In 2001, the St. Louis-based poet Jason Sommer and his father, Jay, took an unusual, and heavy, trip. They flew to Budapest and then traveled to Jay Sommer’s birthplace in Ukraine. From there, they slowly, painstakingly retraced the route traveled by many family members to Auschwitz.

Their goal was to find the spot where Jay Sommer’s brother, Shmuel, had made a desperate bid for freedom, leaping from the cattle car transporting him and other Hungarian Jews to the concentration camp. In less than two months in the spring of 1944, around 440,000 Jews were deported from Hungary, many of them to Auschwitz; the majority were killed. Shmuel was seemingly on a path to be one of them. Then he escaped the train car as it rolled over a bridge — and jumped into the river below. He tried to swim to freedom but was shot and killed by guards before he reached its banks.

Growing up in New York City decades later, Jason Sommer idolized the uncle he never knew.

Listen to Jason Sommer on St. Louis on the Air

“He was a hero to me,” Sommer explained on Tuesday’s St. Louis on the Air. “Even though it wasn't a successful resistance and escape attempt … he managed to resist.”

Continued Sommer: “I titled myself the least tough kid in the Bronx. So here was an uncle of mine who was tough — who defended my father, even though he was younger — and he became a sort of image of manhood to me.”

And helping his father identify Shmuel’s final resting place, and pinpoint the day he died, became a way for Jason Sommer to contribute to the family’s story.

“I had felt all my life so much that [I was] the recipient of the stories — and sometimes the recipient of the fallout from survivors who had tough lives, and were damaged, badly sometimes,” he said. The journey in “Shmuel’s Bridge” offered a new opportunity: “It was a way of being an adult for me, to take some agency, to do the research, to have my bookishness of use. I was then able to feel like I was participating in some way, joining the story at the end.”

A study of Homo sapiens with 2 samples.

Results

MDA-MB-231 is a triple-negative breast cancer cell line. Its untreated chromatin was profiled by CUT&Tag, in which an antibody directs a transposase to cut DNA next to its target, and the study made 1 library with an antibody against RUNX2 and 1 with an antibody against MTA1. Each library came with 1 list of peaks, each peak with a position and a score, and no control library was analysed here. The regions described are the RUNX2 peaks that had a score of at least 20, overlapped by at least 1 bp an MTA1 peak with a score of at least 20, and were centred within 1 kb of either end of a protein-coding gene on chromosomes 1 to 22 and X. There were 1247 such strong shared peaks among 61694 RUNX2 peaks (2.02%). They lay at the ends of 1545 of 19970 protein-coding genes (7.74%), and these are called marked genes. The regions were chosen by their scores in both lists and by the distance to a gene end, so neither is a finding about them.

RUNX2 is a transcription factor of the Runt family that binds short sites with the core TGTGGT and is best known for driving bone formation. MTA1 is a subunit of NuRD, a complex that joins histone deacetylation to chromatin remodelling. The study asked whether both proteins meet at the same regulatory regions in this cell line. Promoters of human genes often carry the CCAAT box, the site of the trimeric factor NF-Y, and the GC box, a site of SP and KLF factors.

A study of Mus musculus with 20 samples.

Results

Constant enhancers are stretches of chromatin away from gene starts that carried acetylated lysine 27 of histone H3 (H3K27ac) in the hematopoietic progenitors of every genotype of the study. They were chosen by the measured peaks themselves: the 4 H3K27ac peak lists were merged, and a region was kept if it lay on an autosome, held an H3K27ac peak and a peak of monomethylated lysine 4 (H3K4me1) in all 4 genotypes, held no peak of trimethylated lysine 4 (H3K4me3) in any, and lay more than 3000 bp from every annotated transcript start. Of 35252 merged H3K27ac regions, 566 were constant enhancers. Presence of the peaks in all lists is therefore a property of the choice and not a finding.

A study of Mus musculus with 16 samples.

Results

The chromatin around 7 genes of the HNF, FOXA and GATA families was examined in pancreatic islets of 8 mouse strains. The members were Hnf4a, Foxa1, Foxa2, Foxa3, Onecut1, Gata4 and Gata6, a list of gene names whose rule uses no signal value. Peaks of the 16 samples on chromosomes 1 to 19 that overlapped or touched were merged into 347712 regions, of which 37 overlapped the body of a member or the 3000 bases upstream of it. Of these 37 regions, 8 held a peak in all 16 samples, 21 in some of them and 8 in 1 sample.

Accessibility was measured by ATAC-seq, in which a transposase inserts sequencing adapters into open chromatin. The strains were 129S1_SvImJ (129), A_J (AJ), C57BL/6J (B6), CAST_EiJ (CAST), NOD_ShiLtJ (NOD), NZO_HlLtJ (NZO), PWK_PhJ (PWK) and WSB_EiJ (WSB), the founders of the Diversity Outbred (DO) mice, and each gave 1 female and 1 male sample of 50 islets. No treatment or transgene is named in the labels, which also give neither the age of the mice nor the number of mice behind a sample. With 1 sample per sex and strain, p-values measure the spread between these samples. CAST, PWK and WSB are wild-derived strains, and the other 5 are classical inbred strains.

Jay Sommer, himself escaped from a labor camp in Hungary, survived on his own for months before being conscripted into the Russian army. Ultimately, he made his way to New York, where he earned accolades as the New York State Teacher of the Year and then National Teacher of the Year. He was scarred by violence, as his son’s memoir makes clear, but also a father enormously proud of his American son.

“I was told rather directly that ‘you’re compensation’ — in some sense, ‘Everything was taken away from us. This is what we get: children,’” Jason Sommer explained ruefully.

Today, Jay Sommer is 98 years old, and his memory is frequently faulty. That’s one reason Jason Sommer, normally more comfortable with poetry, put their story down in prose, 21 years after their journey to Auschwitz.

Even so, Jason Sommer acknowledged that the tale he tells is not, in key ways, the one his father would have told.

“He has a privately printed memoir that is very much the American story and triumphant — and glosses over, or makes more palatable, some stories I knew in different versions,” he said. “He tends to need to ‘happify’ things. He'd been in so many dark places, he didn't want to dwell in dark places. And he feels a responsibility, as a Holocaust survivor, to talk about the triumphant spirit of people.”

“Shmuel’s Bridge” offers a more unvarnished family history.

Said Sommer: “I just think the truth is important to me. And the truth — with warts and all — I think is more preventative than the shiny truth without the warts.”

St. Louis on the Air” brings you the stories of St. Louis and the people who live, work and create in our region. The show is hosted by Sarah Fenske and produced by Emily Woodbury, Kayla Drake, Danny Wicentowski and Alex Heuer. Jane Mather-Glass is our production assistant. The audio engineer is Aaron Doerr.